Amazon Starts Sharing What You’ve Highlighted on Your Kindle

Amazon (s amzn), in a potentially controversial move, has started collecting information on what readers highlight in the e-books they’re reading on the company’s Kindle reader, and sharing it with others. The service doesn’t say which sections of which specific books a reader has highlighted, but it aggregates that information and displays it — including the most popular passage of all time, a selection from one of Malcolm Gladwell’s books. Judging by the initial reaction from Kindle users, some feel that Amazon may have crossed a line, although others seem to like the idea.

Screenshot from Flickr user Michael Sippey

The new feature is one of several enhancements added to the latest version of the Kindle software, along with the ability to share content via Twitter and Facebook. According to a description on the Amazon site:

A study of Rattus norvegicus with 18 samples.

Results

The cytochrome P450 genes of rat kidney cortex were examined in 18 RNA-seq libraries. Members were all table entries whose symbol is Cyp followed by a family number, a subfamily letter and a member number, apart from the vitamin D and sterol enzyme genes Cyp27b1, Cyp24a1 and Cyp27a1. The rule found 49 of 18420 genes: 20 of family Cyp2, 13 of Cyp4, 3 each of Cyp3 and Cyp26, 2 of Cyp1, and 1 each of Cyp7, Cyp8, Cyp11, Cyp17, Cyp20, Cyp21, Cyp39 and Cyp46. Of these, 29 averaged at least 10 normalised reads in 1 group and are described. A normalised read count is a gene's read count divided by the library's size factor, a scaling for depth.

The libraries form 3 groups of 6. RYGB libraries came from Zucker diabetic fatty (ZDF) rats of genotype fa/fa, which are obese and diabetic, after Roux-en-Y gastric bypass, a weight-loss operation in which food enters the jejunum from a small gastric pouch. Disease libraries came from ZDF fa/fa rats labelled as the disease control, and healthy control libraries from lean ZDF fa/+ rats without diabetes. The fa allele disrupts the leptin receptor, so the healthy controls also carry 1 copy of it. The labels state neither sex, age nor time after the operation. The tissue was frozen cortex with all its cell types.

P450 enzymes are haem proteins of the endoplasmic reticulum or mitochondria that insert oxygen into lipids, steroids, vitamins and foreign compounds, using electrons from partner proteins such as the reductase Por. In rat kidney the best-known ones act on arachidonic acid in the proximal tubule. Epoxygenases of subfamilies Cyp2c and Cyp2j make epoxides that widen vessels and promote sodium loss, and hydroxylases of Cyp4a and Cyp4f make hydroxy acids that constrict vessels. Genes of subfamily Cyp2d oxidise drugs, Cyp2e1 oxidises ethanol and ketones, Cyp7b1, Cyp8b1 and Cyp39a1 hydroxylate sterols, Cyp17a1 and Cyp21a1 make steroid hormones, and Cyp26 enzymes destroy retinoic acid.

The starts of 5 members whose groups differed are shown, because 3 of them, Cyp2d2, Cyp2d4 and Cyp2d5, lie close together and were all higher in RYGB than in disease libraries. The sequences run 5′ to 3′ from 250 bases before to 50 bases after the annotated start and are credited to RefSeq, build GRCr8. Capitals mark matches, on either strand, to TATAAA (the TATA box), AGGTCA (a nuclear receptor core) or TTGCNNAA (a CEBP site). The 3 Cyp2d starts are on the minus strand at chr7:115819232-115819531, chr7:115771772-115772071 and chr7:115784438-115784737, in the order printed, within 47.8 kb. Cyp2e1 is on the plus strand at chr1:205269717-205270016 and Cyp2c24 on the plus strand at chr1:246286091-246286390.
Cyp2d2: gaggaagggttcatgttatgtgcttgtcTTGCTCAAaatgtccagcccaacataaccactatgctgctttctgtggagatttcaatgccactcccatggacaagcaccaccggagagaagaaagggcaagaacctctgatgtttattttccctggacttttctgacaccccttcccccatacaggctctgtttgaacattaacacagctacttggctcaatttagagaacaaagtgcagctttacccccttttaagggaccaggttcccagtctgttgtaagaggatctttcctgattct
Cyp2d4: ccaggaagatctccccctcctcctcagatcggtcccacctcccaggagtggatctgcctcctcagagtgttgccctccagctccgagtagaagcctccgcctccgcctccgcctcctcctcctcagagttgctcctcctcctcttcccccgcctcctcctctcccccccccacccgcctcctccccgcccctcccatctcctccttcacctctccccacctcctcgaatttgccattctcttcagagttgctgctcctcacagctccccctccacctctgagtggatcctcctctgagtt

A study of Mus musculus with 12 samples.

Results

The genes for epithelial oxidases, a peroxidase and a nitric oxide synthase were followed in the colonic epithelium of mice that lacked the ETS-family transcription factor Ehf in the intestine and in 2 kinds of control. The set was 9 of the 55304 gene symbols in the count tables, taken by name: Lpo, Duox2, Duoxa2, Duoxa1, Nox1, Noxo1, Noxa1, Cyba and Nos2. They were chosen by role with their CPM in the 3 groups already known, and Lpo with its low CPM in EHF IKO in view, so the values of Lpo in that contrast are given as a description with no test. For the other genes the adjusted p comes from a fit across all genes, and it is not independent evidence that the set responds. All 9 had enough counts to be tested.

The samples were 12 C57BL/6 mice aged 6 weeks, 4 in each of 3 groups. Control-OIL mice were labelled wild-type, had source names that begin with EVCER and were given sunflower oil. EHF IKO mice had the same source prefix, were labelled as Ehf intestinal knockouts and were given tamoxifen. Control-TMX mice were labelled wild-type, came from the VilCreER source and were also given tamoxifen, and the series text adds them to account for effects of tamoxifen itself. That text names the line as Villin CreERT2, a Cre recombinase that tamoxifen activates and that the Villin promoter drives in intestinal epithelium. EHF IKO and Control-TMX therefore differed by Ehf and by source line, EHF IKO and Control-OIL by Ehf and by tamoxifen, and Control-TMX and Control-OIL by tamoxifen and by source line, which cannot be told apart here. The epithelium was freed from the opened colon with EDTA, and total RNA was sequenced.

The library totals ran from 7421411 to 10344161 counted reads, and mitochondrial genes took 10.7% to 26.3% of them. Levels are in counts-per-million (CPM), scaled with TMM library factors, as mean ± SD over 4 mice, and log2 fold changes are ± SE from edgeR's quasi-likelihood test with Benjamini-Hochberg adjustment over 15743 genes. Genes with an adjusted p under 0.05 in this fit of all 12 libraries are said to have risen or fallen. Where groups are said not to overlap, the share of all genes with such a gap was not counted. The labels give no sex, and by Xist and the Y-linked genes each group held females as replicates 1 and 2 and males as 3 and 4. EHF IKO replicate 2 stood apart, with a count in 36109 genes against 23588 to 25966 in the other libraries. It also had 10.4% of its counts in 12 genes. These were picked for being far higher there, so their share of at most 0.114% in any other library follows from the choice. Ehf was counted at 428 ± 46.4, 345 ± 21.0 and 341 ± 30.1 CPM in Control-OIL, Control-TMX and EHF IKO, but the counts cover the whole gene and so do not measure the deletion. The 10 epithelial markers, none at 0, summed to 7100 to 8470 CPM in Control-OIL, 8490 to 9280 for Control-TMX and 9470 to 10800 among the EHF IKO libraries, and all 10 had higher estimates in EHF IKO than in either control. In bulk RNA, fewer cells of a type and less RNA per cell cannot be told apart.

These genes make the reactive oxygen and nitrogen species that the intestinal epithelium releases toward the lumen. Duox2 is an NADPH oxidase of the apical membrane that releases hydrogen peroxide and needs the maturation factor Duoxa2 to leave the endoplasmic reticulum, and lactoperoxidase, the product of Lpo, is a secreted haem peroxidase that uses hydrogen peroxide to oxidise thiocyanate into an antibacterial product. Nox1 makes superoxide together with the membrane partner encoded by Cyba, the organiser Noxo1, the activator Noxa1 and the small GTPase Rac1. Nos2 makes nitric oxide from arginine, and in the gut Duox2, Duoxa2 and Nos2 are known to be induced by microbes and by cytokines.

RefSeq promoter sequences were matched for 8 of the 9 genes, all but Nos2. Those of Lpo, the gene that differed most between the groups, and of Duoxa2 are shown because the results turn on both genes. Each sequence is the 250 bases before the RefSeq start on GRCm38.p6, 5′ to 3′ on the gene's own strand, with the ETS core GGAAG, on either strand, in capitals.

We combine the highlights of all Kindle customers and identify the passages with the most highlights. The resulting Popular Highlights help readers to focus on passages that are meaningful to the greatest number of people. We show only passages where the highlights of at least three distinct customers overlap, and we do not show which customers made those highlights.

Some users have raised Big Brother-themed concerns, including wondering whether Amazon is keeping personal data without permission and whether it might share such information with the government. Several users have expressed surprise at the move, calling it “scary,” as well as “nasty” and “spooky.” Not everyone sees the new feature as a bad thing, however. Some describe it as “awesome;” others say they love it. Some writers and e-book fans say they think the privacy issues are overblown, and others have even asked for this feature in the past.

Sharing features seem like a natural addition to the Kindle, not to mention a necessary move to help the e-reader remain competitive with Apple’s (s aapl) iPad. It remains to be seen whether the majority of Kindle fans will see them as a positive thing, however, or whether their addition will become a privacy issue, the way sharing personal data has for Google and Facebook. If you use a Kindle, post a comment and let us know what you think of these new features.